Monday, October 25th, 2021

Loft owned by Andy Warhol screen printer Alexander Heinrici asks $30M


A Tribeca loft building steeped in art world history is currently on the market for $30 million. 

Built in 1929, the four-story structure at 430 Washington St. was originally a pickle factory. By 1980, Alexander Heinrici — Andy Warhol’s favorite screen printer — bought the building and used it as a live-work space. 

In 1984, Alexander sold the property to Arman, a French-born American artist and a founder of nouveau réalisme. Armand — born Arman Fernandez — hosted weekly dinner parties here for the art world crowd in the 1980s. Arman’s work is at London’s Tate, the Centre Pompidou in Paris, MoMA and the Metropolitan Museum of Art. 

The four-story loft features five bedrooms, nine bathrooms and it’s right by 70 Vestry, home to race car driver Lewis Hamilton, as well as Tom Brady and Gisele Bündchen. 

At 14,000 square feet, the loft is currently divided into a fourth-floor living space and three floors of studio and storage space below. It opens with an entry hallway flanked by custom built bookcases and a glass vestibule that leads to a large living room with original columns and 11-foot-tall ceilings.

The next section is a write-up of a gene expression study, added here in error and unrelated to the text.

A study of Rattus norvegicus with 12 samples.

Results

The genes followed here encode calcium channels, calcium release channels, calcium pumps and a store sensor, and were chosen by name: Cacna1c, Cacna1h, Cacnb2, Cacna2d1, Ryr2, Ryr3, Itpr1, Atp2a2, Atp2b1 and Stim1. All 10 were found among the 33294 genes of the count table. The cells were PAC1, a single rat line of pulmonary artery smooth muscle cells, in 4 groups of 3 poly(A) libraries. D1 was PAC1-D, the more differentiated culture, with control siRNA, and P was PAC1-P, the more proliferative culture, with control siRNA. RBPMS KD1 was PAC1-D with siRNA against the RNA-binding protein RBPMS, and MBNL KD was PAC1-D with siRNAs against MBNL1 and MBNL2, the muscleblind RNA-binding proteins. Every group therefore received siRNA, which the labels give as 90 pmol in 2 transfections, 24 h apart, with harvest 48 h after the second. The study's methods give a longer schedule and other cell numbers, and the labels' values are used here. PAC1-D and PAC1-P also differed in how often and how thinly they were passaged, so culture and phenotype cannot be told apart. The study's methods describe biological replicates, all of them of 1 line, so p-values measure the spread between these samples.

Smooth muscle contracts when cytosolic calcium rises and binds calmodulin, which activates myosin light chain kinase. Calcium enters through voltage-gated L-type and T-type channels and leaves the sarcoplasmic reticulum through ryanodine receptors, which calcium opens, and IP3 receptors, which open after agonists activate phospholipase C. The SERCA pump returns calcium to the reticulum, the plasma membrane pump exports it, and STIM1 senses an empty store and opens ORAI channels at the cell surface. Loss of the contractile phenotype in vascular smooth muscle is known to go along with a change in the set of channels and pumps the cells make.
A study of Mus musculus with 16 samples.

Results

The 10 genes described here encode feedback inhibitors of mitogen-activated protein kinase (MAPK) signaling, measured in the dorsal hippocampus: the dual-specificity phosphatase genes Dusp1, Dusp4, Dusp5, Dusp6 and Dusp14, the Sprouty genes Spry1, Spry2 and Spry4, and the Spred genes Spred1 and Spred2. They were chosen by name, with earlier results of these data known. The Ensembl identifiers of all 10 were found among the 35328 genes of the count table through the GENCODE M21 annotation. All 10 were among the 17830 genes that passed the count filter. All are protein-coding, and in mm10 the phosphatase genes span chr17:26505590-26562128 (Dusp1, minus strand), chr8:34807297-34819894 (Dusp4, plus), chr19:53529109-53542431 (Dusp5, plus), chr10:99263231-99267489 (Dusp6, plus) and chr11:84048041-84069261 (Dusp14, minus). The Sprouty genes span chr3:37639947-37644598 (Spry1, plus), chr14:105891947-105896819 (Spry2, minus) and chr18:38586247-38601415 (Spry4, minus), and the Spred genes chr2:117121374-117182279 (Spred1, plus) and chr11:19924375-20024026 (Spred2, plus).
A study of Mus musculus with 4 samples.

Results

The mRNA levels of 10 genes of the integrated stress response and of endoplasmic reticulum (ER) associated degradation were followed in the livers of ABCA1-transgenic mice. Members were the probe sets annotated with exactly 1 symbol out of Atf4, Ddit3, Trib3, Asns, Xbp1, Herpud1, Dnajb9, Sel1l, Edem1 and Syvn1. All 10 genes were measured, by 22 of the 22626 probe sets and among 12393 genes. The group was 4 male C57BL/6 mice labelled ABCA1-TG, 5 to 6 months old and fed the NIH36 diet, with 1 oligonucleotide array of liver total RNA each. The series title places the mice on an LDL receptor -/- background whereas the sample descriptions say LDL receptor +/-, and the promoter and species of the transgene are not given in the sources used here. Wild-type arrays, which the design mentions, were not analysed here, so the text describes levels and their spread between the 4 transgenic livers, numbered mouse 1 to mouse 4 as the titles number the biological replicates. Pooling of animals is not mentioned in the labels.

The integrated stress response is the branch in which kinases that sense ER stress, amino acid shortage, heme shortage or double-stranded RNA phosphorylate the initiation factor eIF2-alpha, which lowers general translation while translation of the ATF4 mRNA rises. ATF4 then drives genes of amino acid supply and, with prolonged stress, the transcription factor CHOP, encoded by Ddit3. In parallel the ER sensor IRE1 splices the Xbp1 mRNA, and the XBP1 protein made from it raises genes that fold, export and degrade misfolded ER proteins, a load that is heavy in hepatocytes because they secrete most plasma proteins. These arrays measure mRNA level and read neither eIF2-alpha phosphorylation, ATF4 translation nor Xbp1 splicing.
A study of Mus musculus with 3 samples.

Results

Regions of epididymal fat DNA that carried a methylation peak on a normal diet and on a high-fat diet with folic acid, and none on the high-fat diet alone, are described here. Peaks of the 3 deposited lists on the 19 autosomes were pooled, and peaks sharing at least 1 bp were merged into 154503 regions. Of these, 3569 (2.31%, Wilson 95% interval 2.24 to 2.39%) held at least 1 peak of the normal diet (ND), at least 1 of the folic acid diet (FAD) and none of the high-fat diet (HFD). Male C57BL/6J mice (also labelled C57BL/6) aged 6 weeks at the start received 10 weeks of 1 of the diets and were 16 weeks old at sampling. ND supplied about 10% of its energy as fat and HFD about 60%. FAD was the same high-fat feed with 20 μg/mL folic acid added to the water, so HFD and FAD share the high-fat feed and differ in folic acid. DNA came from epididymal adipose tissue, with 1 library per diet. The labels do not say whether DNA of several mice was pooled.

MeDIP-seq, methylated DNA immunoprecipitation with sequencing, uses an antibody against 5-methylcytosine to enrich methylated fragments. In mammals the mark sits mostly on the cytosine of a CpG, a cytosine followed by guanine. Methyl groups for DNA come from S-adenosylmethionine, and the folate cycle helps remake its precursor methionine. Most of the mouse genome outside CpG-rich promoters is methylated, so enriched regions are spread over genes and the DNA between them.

The loft building is 14,000 square feet.
Tim Waltman

The space also features a chef’s kitchen and a dining room. In addition, there’s also an elevator, roof deck and private garage. It is currently being sold by Arman’s widow, Corice Canton Arman, who has filled it with his favorite pieces.

An interior of 430 Washington St.
The ceilings are 11 feet high inside the artsy space.
Tim Waltman

“To buy a true loft building is rare, and more so every year. People spend $50 million for an apartment,” said listing broker Shaun Osher, founder and CEO of Core. “This is an entire building with private parking, high ceilings and columns in a prime neighborhood.”